Contained here are various histories written by and for St. Cloud State University.
A Centennial History of St. Cloud State College
Edwin H. Cates
The story of St. Cloud State College epitomizes the story of publicly supported state colleges and universities in America in the twentieth century. It is the story of dramatic growth, both in purpose and service, as the state colleges and universities evolved from normal schools with a few basic programs to truly multipurpose institutions with broad educational offerings. It is an exciting story, and one that Dr. Edwin Cates is eminently qualified to tell.
For nearly a quarter of a century Dr. Cates has been intimately involved in the development of St. Cloud State College. As a member of the faculty, he has acquired a deep feeling for the attitudes of the students, the faculty and the administration. From his vantage point he has observed the forces that have shaped the direction of the college, and he has noted the commitment by the citizens of Minnesota to ever-expanding educational opportunities.
With precision and perception he has traced the tradition of St. Cloud State College from a modest campus of fifty-three students in 1869 to a burgeoning campus of some 9,000 students in 1969. He has described, with meaning and good taste, how the college grew from Minnesota's third normal school to Minnesota's third largest college with more than fifty major and minor programs leading to the four-year degree, fifteen fields of preprofessional study, and several master degree programs. He has shed new light on the moments of difficulty and triumph, and he has accented the contributions of many persons whose inspiration and dedication have built a heritage of excellence.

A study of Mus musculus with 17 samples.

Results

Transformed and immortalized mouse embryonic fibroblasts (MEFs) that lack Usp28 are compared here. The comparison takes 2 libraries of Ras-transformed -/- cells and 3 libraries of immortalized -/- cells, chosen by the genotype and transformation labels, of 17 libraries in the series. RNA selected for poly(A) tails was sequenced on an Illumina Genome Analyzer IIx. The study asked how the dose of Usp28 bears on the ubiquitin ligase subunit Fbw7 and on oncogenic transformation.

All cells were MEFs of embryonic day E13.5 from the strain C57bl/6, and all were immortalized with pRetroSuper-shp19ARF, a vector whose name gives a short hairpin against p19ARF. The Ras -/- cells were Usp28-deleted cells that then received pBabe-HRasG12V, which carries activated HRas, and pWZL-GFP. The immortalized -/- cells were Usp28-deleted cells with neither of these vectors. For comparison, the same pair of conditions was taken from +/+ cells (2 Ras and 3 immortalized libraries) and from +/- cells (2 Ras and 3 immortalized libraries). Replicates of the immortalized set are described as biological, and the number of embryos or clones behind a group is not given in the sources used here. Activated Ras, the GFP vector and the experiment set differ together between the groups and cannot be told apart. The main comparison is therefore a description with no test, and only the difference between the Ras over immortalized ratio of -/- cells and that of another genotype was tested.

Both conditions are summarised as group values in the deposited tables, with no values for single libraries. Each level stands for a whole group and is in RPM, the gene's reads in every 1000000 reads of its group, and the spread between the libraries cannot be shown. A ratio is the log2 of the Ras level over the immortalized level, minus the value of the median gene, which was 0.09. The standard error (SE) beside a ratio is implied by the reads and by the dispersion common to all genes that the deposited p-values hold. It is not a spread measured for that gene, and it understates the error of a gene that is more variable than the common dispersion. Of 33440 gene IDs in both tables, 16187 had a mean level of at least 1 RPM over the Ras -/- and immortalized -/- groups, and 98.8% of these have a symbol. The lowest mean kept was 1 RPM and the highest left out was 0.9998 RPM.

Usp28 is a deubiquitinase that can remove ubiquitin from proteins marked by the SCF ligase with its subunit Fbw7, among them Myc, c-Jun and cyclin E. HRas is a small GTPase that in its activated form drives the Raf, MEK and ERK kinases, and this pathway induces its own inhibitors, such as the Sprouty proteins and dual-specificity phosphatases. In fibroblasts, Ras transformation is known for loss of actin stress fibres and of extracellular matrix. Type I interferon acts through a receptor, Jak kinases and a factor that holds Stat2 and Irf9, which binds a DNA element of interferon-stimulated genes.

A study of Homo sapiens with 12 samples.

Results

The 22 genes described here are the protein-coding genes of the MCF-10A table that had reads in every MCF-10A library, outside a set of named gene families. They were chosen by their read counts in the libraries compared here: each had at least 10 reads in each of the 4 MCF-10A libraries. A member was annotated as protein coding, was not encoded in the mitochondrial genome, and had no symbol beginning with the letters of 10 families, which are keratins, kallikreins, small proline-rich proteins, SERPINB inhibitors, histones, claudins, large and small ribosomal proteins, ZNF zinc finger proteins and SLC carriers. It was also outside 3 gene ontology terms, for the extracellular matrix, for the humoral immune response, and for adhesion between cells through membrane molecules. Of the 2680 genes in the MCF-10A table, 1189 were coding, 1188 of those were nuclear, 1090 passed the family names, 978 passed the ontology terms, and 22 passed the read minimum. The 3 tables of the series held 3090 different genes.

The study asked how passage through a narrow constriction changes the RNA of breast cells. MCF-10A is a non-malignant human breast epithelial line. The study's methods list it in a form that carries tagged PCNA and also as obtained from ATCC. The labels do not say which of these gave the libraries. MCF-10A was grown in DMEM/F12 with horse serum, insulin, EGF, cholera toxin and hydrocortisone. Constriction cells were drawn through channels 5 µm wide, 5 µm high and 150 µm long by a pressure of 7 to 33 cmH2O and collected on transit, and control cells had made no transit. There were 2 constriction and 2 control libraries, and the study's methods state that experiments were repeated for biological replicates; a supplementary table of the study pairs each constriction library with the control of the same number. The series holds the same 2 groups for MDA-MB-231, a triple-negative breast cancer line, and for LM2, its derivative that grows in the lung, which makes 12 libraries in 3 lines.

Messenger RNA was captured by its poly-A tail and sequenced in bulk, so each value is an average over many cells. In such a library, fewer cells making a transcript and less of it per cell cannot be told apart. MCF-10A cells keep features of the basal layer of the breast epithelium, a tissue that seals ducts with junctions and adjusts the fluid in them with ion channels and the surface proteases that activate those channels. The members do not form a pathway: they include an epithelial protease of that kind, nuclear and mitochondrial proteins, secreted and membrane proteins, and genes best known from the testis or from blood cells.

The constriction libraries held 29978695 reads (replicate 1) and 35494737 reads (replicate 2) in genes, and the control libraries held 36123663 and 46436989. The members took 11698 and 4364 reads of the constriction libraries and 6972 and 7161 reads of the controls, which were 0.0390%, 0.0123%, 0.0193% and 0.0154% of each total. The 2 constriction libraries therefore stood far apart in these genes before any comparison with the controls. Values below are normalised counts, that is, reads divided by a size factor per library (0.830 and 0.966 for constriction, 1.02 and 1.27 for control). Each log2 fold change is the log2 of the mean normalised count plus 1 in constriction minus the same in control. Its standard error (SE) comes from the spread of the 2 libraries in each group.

This history will be a meaningful and significant link with the past and a valuable resource for the future. I am proud to recommend this book to the students, faculty, staff, alumni and friends of St. Cloud State College.
Robert Hobbie Wick
History of St. Cloud State Teachers College
Dudley S. Brainard
No one is better qualified than Dudley S. Brainard to tell the story of St. Cloud State Teachers College. As teacher and administrator he has observed the development of the college for more than a quarter of a century. With the discernment and impeccable good taste of the skilled historian, he has etched, painstakingly and with keen understanding, the important events in the growth of the college.
This story, however, is, more than the story of St. Cloud State Teachers College. It is the story of the establishment of publicly-supported teacher education in the State of Minnesota. Attention is directed, quite appropriately, to the importance of the professional education of teachers for the public schools. This importance has not always been recognized as is indicated in the cataloging of the sometimes harrowing events in t he early history of the college. But as the story unfolds one gains a sense of well-being. It is clearly evident that great progress has been made.
Over the span of years St. Cloud State Teachers College has grown from a normal school offering little beyond the traditional secondary education to a full-fledged college presenting four years of professional education for the preparation of teachers. The degree of excellence achieved by that four-year program has been recognized by both the North Central Association of Colleges and Secondary Schools and the American Association of Colleges for Teacher Education. The college is accredited by both these agencies. In the summer of 1953 a graduate program leading to the degree Master of Science in Education was initiated. Authority to offer this program was granted by the 1953 Legislature of the State of Minnesota with the whole-hearted and active support of the teachers of the state represented by their professional organization, the Minnesota Education Association.
To the younger generation, this history is the story of their heritage. lt is a precious heritage and an important one. The traditions of the college and the lofty ideals of its founders come alive for the reader. It is with a sense of re-dedication to those traditions and those ideals that this book is recommended to the alumni and faculty of St. Cloud State Teacher College and to all students of teacher education.